It's true. I was asleep when that first call came from Deb Werksman. My husband, who shouldn't have been home at the time, was the one who answered the phone. But I'm getting ahead of myself...
A few weeks prior to that day, I'd seen in the RWR that Sourcebooks was a newly approved publisher and they were taking erotic and paranormal romance. I just so happened to have a manuscript that fit that description, the book I'd wanted to write ever since I was a kid watching Star Trek. Back then, it was called The Rescue. I printed it out, wrote a query letter to go with it, and sort of kissed it goodbye, figuring it was off to get trounced and rejected, just as all those other manuscripts I'd sent out had been. This one was different from the rest, and not simply because it wasn't a contemporary romance. It hadn't gone to an agent or a publisher before, mainly because, at the time, no one seemed to want paranormals, and this one was more paranormal than most because I had the audacity to write about hot, sexy aliens instead of werewolves, witches, or vampires.
My most recent contemporary effort had just been soundly rejected by Virgin Books, (sort of prophetic when you consider the title of my latest book, Virgin, isn't it?). That editor told me to rewrite the book in third person--which I have since done and self-pubbed as Sex, Love, and a Purple Bikini--but at the time, as I'm sure you will understand, I was feeling rather low.
On the day in question, I'd had a helluva night in the ICU. When I finally dragged myself out of bed that afternoon, I found my dear Budley in the kitchen, flipping through the mail on the table.
"How come you're home so early?" I asked.
"I had some stuff I needed to do in town." He looked at me with a rather mischievous gleam in his eyes. "And then this publisher called..."
I cannot recall my precise reaction to this news, but I'm sure I was appropriately ecstatic. And also a bit shocked. "Which one?"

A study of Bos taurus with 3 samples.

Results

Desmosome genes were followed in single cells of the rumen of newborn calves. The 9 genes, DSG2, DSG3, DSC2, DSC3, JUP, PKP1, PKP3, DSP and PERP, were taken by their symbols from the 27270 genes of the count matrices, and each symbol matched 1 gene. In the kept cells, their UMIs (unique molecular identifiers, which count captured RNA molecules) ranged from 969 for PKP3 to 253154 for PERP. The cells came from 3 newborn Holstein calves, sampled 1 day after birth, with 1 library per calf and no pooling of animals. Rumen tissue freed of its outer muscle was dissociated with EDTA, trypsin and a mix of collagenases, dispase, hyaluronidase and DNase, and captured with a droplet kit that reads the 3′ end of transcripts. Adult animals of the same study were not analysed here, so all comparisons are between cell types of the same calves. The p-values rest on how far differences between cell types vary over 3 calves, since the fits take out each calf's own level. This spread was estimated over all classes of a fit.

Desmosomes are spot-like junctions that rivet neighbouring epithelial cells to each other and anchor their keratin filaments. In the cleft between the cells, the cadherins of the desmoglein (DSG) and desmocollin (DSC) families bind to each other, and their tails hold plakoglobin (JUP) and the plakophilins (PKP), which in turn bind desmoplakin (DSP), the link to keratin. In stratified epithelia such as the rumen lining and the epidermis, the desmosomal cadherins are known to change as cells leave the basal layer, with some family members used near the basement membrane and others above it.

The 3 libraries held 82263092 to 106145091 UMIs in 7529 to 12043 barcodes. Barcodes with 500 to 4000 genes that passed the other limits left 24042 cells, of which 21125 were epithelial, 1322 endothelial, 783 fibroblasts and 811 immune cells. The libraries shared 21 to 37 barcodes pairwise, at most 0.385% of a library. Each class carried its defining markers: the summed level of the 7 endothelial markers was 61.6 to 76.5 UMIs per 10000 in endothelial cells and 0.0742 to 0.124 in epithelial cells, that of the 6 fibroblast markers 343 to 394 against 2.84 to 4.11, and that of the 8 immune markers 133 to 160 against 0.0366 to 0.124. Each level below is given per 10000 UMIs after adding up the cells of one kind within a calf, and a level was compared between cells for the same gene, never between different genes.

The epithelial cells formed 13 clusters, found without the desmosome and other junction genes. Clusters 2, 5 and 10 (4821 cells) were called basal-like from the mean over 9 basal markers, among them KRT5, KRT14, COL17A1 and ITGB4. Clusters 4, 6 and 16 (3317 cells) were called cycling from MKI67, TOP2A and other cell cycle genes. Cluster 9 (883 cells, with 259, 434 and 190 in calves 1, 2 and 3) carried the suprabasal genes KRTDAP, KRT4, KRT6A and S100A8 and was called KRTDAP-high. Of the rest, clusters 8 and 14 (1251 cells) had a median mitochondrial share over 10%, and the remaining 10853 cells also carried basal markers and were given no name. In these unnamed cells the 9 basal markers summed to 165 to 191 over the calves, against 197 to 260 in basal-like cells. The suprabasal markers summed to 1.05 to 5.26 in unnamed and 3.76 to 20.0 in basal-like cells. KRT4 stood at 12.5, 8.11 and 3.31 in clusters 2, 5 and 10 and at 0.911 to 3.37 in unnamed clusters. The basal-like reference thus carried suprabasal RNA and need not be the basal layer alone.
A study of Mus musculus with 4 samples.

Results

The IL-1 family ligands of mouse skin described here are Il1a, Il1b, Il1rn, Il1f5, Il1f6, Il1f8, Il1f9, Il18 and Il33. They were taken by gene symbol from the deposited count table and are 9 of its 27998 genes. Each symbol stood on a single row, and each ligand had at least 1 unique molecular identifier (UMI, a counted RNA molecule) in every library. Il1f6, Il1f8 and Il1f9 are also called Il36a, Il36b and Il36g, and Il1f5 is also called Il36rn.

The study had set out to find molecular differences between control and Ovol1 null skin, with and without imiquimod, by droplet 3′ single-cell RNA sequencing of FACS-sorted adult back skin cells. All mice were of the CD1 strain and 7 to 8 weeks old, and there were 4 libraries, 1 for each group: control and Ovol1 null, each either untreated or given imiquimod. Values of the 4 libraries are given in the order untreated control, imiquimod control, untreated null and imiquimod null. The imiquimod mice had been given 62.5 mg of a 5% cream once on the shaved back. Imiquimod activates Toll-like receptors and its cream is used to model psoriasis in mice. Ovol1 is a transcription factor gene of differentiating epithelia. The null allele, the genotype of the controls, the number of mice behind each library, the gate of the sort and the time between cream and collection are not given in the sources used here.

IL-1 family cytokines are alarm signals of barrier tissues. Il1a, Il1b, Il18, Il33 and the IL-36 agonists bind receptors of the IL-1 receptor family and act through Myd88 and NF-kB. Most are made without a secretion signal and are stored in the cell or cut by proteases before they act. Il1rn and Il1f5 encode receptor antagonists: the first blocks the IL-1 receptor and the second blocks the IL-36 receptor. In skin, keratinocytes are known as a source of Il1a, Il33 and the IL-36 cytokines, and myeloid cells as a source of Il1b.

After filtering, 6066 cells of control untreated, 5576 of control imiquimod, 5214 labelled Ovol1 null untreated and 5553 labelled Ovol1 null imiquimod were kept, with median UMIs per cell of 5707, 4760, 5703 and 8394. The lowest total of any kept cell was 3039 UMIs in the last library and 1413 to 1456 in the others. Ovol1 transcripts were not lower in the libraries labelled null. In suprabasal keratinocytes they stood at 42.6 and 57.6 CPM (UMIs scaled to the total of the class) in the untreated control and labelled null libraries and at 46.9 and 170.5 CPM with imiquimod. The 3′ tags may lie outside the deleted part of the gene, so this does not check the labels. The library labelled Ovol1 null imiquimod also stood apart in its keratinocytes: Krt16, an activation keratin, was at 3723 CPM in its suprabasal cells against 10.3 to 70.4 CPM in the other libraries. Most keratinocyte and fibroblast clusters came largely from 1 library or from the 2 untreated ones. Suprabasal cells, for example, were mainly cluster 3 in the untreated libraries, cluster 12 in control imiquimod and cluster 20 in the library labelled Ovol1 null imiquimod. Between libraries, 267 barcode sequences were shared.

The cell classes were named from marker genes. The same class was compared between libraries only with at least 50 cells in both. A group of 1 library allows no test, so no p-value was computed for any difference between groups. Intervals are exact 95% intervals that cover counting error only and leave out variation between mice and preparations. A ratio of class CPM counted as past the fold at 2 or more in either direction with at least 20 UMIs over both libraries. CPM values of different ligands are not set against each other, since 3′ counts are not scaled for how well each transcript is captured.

His recall was accurate enough for me to at least figure out which book was involved. "She seemed very interested. But she insisted that I not wake you up."
Now, of all the things for which a writer wouldn't mind being awakened during the middle of what is, for me, the middle of the night, this one topped the list. Unless, of course, it is to be informed that you've made someone's bestseller list. That hasn't happened yet, but I'm sure I'd be willing to lose a bit of sleep to hear it, whether I was scheduled to work again that night or not.
Anyway, I sent the complete manuscript in via email and waited. Deb liked it, but had some "editorial concerns" and wanted me to call her. I could only guess at what she meant by that, so I called. Suffice it to say, her first concern was with the size of the hero's appendage. Since this was in no way one of the things I thought would be a problem, I began laughing hysterically. After I recovered, I listened to the rest of her suggestions and said I'd work on it and get back to her.
Not long after that, I received a rejection letter and my submission returned to me in the dreaded SASE. Hmm... I thought, what part of "I'll work on it and get back to you" didn't she understand?
Well, as it turned out, Deb claims to have hung up the phone figuring she'd never hear from me again. Guess cracking up wasn't the best tactic, but you know how it is when the stress of writing and submitting gets to you.
At that point, I figured I'd go ahead with the revisions and send it to her. What I forgot to include was my phone number. So, when the REAL call came, I was awake, but Deb, having returned my manuscript, didn't have my phone number. So she emailed me. Before I saw the email, she found my number somewhere and called me. The Rescue then became known as Slave.
And the rest, as they say, is history.